It’s summer. School’s out. Everyone already has their lemonade, so let’s listen to Joanna Wang‘s HAM.
(I tried to be all hip and cool with the reference…? No?)
Let’s state the obvious: Joanna Wang is one unconventional artist. Everything about her, from her image to the music she writes, is just plain weird and wacky (who comes out with albums called Bob Music, anyway?).
The less obvious? That when moon148 finds herself in a peculiar mood, she may be binge-watching all the Joanna Wang MVs. Oh, and that the stuff is too addictive. Ranging from the exquisite (Moon River) to the downright bizarre (Truckin’ Everyday), there is always something that you will be endeared to loop on repeat.
Her most recent release, HAM — an acronym for “Happy Accessible Music” — is an intriguing view into an indie artist’s perspective on mainstream pop music. By her own definition, “HAM” is, in essence, what pop is. (Somewhat true — yet here I am thinking of all those sad Mandopop ballads.)
It’s actually very accessible, as promised — so long as you can read this blog — because the songs are all in English! So let’s take a listen:
This extended play, consisting of just three tracks, is short yet sweet. A collaboration with various Korean and Japanese producers, “HAM” exclaims groovy 70s/80s electropop.
Hello Anyung (哈喽安娘)
Throughout the entire track, “Hello Anyung” is bombarded with light synthesizers and beat loops, paired with the occasional telephone ring and whatnot. It actually works quite nicely with Joanna Wang’s unique voice, bringing it out almost — nevermind that I’m a lot more used to the more acoustic stuff.
A special nod to the track for its length, 3:29 — right under 3:30, the supposed “ideal” length of an electro-pop track.
Of all the tracks, “Hello Anyung” is the most pleasant to the ears; your standard repetitive pop track including a rap bridge, but as endearing as her other material. In general, an incredibly happy-happy and catchy electro-pop track about the wonderful feelings that accompany a secret admirer.
Teenage Girl Patrol (青少女巡逻队)
More obnoxiously loud 80s pop effects before the harshly sung — almost whiny — verses come in that transition to the starkly contrasting smooth and upbeat “beach girls” chorus. The song sounds as if it’s meant for some bubblegum pop teenage idol girl group, likely with a bright and cheery MV at the beach.
Similar to most Mandopop songs (or I guess most pop songs in general . . .?), the song repeats twice before the bridge, followed by a constant repeat of the chorus (qualifying as the outro . . .?). Joanna’s delivery comes out in a somewhat “squeaky” fashion, especially with the “cheery-to-the-point-of-annoying” chorus.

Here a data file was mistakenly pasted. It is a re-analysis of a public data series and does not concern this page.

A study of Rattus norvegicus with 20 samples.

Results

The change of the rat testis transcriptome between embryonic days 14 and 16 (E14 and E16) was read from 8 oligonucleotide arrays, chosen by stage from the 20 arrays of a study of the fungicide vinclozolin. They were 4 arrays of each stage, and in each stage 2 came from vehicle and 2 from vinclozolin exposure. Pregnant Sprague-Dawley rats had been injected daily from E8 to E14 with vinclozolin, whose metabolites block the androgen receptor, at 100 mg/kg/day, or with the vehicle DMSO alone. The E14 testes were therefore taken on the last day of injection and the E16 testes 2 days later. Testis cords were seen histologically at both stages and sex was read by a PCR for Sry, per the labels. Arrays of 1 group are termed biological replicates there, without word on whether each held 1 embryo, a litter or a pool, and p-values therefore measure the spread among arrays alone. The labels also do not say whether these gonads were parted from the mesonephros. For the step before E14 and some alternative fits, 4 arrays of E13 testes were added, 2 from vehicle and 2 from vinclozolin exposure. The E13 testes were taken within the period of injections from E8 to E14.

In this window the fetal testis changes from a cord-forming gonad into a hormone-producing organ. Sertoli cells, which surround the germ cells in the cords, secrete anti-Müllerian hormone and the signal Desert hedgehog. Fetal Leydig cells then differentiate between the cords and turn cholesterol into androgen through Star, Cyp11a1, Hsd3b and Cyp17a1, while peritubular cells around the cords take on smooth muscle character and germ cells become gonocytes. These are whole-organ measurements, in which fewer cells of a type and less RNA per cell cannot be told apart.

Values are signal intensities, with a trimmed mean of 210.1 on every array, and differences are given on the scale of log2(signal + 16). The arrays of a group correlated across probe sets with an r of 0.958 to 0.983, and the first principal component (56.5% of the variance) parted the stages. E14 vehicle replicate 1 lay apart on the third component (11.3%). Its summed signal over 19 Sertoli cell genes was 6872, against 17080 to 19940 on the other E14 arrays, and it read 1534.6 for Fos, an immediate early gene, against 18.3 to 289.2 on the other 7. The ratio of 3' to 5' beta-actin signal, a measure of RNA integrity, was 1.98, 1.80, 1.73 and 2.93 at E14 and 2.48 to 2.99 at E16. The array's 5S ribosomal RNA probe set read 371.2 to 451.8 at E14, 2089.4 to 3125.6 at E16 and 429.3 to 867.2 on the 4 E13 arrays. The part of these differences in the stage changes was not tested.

As someone who never listens to boy bands or girl groups (what am I doing, listening to Asian pop . . .), this is basically my somewhat biased interpretation of what some cutesy girl group like Japan’s AKB48 might sound like. Cute and catchy, but rather annoying and not my cup of tea.
Good Times (好时光)
With “Good Times”, we finally get a more wacky side to “HAM”. The simple clanking of drumsticks transitions to a mix of jazz and funk — “Mhm . . . yeah!” Joanna exclaims as trumpets make their way into the arrangement.
“Good good good good good times~” she sings, each word in the same note. “Good good good good good times” is repeated.
The delivery –somewhat whimsical, somewhat mocking — breathes life into the otherwise ridiculous-sounding anthem. Especially considering that a large portion of the three-minute track is spent chanting “Good good good good good times~” and exclaiming “Yeah~” and “Uh-huh”, it’s rather interesting that this is actually my favorite track off the EP.
It really does make you “feel so frickin’ good”, though.
“HAM” was a really fun and different listen — a really nice break from all the regular Mandopop and whatnot. Maybe I’ve been listening to too much Chinese music because hearing the songs in English actually felt quite peculiar. Was the lyrics a bit off? Nah, Joanna Wang grew up in the U.S. I’m just not used to listening to English songs. 😆
Her projection of pop sounds a lot more like “pop” than what the “pop” I hear. It’s a fun, loud, crazy, though maybe slightly annoying taste into the era of pop synthesizers and beat loops. Electropop = probably not my thing, but it definitely was a very nicely written/produced extended play.
Overall Rating: 8/10
Joanna Wang‘s album “HAM” is available for purchase/download and streaming on various online music platforms such as iTunes, Spotify, and KKBOX.